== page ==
Knockbreda is the oldest active Church of Ireland parish church in Belfast. We continue to proclaim the gospel of Christ and seek to build his kingdom just as we have done for over 280 years. While always looking to the future we are mindful of our remarkable heritage.
Knockbreda owes its existence to Anne, the Dowager Viscountess Midleton (grandmother of the Duke of Wellington), who proposed its construction at her own expense, and to her son Arthur Hill, the local landlord, who promised an acre of ground for its site just to the east of his Belvoir demesne. Lady Midleton was a pious believer who was sympathetic to John Wesley and the early Methodists. There is no record of Wesley preaching at Knockbreda when he was in Belfast, however Lady Midleton did build the evangelical Bethesda Church in Dublin for one of Wesley’s friends, Rev James Smyth.
‘Lady Midleton’s offer to provide a new parish church had to overcome some influential opposition when it was proposed in 1733. The parish of Knockbreda had been created by the union of the separate parishes of Knock and Breda in the 1650s. With the old church of Breda having been in ruins since the early seventeenth century, the dilapidated church at Knock served the united parish, but not it alone, for Knockbreda was at the time also joined to the parish of Dundonald, and therein lay the difficulty.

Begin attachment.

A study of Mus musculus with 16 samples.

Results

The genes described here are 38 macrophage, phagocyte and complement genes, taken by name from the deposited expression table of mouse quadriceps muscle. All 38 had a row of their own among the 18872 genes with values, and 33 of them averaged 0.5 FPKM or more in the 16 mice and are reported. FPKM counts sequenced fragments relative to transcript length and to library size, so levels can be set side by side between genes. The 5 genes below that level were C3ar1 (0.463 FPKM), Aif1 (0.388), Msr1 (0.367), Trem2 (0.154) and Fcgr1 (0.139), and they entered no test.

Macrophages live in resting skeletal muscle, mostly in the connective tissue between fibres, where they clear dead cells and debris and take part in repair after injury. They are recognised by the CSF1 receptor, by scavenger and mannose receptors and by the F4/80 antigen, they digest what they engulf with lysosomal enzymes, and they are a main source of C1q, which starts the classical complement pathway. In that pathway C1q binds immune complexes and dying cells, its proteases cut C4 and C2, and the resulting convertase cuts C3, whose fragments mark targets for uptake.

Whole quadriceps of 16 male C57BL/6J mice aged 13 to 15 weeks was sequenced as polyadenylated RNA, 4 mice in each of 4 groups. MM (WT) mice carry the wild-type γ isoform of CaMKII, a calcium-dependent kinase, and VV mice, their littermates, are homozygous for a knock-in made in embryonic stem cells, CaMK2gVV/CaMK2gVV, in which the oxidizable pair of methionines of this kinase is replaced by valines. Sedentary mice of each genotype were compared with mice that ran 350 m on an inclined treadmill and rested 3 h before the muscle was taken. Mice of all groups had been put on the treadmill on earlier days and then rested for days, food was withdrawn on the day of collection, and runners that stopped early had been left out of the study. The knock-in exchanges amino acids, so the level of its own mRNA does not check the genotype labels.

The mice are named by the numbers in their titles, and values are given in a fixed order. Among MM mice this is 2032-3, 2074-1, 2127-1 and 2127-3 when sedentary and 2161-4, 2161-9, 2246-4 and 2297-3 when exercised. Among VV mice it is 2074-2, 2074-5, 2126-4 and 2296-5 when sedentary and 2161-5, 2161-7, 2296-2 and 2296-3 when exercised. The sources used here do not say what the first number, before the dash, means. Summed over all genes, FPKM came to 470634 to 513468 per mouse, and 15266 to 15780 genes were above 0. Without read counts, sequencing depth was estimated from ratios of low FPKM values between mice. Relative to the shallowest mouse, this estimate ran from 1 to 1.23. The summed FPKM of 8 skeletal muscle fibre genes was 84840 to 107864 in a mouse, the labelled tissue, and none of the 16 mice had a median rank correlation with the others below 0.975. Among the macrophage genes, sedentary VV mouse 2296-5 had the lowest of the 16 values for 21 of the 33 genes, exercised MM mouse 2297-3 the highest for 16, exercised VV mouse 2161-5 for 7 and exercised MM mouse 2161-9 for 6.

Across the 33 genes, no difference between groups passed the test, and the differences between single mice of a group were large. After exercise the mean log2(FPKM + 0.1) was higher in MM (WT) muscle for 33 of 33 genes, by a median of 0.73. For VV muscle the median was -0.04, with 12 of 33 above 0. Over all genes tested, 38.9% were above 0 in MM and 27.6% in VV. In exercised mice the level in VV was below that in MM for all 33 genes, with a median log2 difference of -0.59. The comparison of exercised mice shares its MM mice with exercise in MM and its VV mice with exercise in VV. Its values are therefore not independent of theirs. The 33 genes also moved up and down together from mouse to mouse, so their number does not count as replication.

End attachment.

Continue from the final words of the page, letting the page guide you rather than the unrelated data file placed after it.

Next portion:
Lady Margaret Ikerrin of Castle Hill fumed at the proposed location of the new church at the western side of the large parish, which she deemed inconvenient. Notwithstanding her humiliation at being out-voted on the issue at a vestry meeting chaired by Bishop Hutchinson, Lady Ikerrin appealed to the primate. Archbishop Boulter, however, believing the site ‘more convenient for the greatest part of the parishioners’, recommended his approval to the government. Designed by the famous German architect, Richard Cassell, within four years the church was completed.
Knockbreda was consecrated by Francis Hutchinson, the Bishop of Down and Connor, on Sunday 7 August 1737.’ (‘History of the Parish of Knockbreda’ by Dean Carmody, 1929).
Daughter Churches Planted by Knockbreda
The original parish of Knockbreda was very large – it ran from Drumbo to Holywood. As the population of Belfast expanded, particularly in the 19th century, new churches were planted within Knockbreda’s boundaries. These included: Ballymacarrett (Christ’s Church, 1827), Ballynafeigh (St Jude’s, 1873), Knock (St Columba’s) and St Clement’s (1897).
A history of the parish is available: ‘Set on a Hill’ by Ernest Wood.